Watching the Oscars at the Roxie Theater

I think I enjoyed the Oscars last night more than any other time in my life. And that’s not only because of the big surprise happy ending. I was part of an enthusiastic crowd at the Roxie, cheering, groaning, and applauding. And we were very well entertained during the commercial breaks.

This wasn’t the first time I watched the Oscars in a movie theater. In 2008, I was disappointed at the Rafael. In 2011, I had a much better time at the Cerrito. It took me nine years to do it again.

But the Roxie last night was the best, even though it was sort of a disappointment. It was advertised as Up The Awards Benefit Bash (the theaters are not allowed to use the word Oscar in advertising these events). The title and the graphic suggested that they would be making fun of the whole thing. I expected, perhaps, comedians.

The Roxie’s logo for the event

And you really do need a sense of humor if you’re going to stay for the first hour of the event. That’s when celebrities walk the red carpet, being stopped and interviewed by some of the stupidest, most fashion-conscious people ever to hold a microphone.

But occasionally, an interesting comment gets through. Parasite writer/director Bong Joon Ho explained through an interpreter that he originally planned to make Parasite a stage play. But as he kept writing, he found himself thinking about camera angles.

The Red Carpet

So what did the Roxie do to make the night special? When people watching at home had to deal with commercials, we got a lot of unusual and hilarious short subjects. Every time the advertising started, the folks in the projection booth switched to a collection of unique clips gathered by Stev Sechovec, the Roxie’s resident curator of film, video and digital recklessness. Some of the highlights:

  • Steve Martin and Gilda Radner attempting to do Dancing in the Dark and not quite getting it right (or more likely, getting it right…for comedy).
  • Several fake trailers, including one for The Ten Commandments, and another for a very violent Tarantino movie called Djesus Uncrossed.
  • Luke, R2D2, and Yoda in The Empire Strikes Back, edited into a rap video.
  • A very kinky middle-aged couple get interrupted by their teenage kids.

The only problem was that the shorts were usually stopped in the middle to go back to the Awards.

Another extra: Falafels and other Middle-Eastern snacks free of charge (aside from the cost of admission) from Truly Mediterranean.

Food in the lobby

The Roxie audience was overly talky during the red carpet silliness, but when the real show began, we were cheerful, excited, and attentive. People applauded and sometimes howled with pleasure when their favorites won. Parasite’s surprise win for Best Picture got a standing ovation (or maybe it was just me).

That win, by the way, is Oscar history. For the first time, a film won Best Foreign Language Film (now renamed International Feature Film) and Best Picture. All the more exciting, Parasite really is the best film of 2019.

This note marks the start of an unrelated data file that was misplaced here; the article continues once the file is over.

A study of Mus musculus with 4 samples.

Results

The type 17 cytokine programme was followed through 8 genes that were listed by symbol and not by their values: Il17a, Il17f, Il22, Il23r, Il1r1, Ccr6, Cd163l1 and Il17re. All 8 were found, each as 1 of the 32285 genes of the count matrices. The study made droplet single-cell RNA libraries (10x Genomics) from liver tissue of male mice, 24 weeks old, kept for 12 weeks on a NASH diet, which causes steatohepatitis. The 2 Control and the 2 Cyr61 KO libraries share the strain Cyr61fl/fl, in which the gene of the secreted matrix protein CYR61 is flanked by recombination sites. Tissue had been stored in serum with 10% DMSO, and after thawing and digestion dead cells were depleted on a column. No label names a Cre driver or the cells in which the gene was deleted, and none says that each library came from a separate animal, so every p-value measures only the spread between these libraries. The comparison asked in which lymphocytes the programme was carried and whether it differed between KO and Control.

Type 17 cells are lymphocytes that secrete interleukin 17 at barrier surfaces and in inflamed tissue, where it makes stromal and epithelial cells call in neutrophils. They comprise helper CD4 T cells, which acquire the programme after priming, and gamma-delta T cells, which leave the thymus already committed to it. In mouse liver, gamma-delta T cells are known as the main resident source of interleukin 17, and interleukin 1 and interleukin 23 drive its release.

As usual, the nominated songs were spread throughout the show. With every single tune and lyric, I had to ask myself when did I last like an Academy-nominated song? Even Elton John’s ditty was dull.

Only a couple of winners used their 45 seconds in the limelight to plea for a better world. Best Actor winner Joaquin Phoenix (Joker) used his time to call for switching to a vegan diet, although he didn’t actually say that directly. A fair amount of the Roxie’s audience applauded.

Joaquin Phoenix

It was a hell of a lot better than watching the Oscars at home.

One thought on “Watching the Oscars at the Roxie Theater

  1. I have always heard the Roxie Awards party was irreverent ad fun.But I am surprised they are not using a DVR to allow the commercial break programing to play out. When I ran the Balboa we always had a sold out house with magician/comedian/all around very funny guy Sebastian Boswell III as the emcee. We bought a Tivo on ebay for $35 and could go off screen during the commercials and Sebastian could start any number of audience participation activities. Many people came dressed as Oscar nominated films or celebrities so there was a costume parade and contest. There were trivia contests, “A Few Degrees of Separation” from an Oscar nominee (past or present) that audience members shared was always a big hit. There was live music including a singalong. When the commercials were over projectionist Jim Cassidy had a signal to let Sebastian know that whenever he was ready to wrap a live segment, the Oscar show was ready to roll. And we went back on screen as the next Oscar segment started (via DVR delay). Everybody saw the entire show and our live show played to its completion. Of course this meant that we were not in real time and sometimes an audience member looked at their phone and gasped or cheered about a winner but they knew to keep it ti themselves. When a local winner was announced the audience went wild.

    All audience members got prizes with cake and libations in the lobby after the show. Some past or present Oscar shorts might follow. It was a blast. The current owners continue with their own tae on the Oscars and maybe next year you should try it out.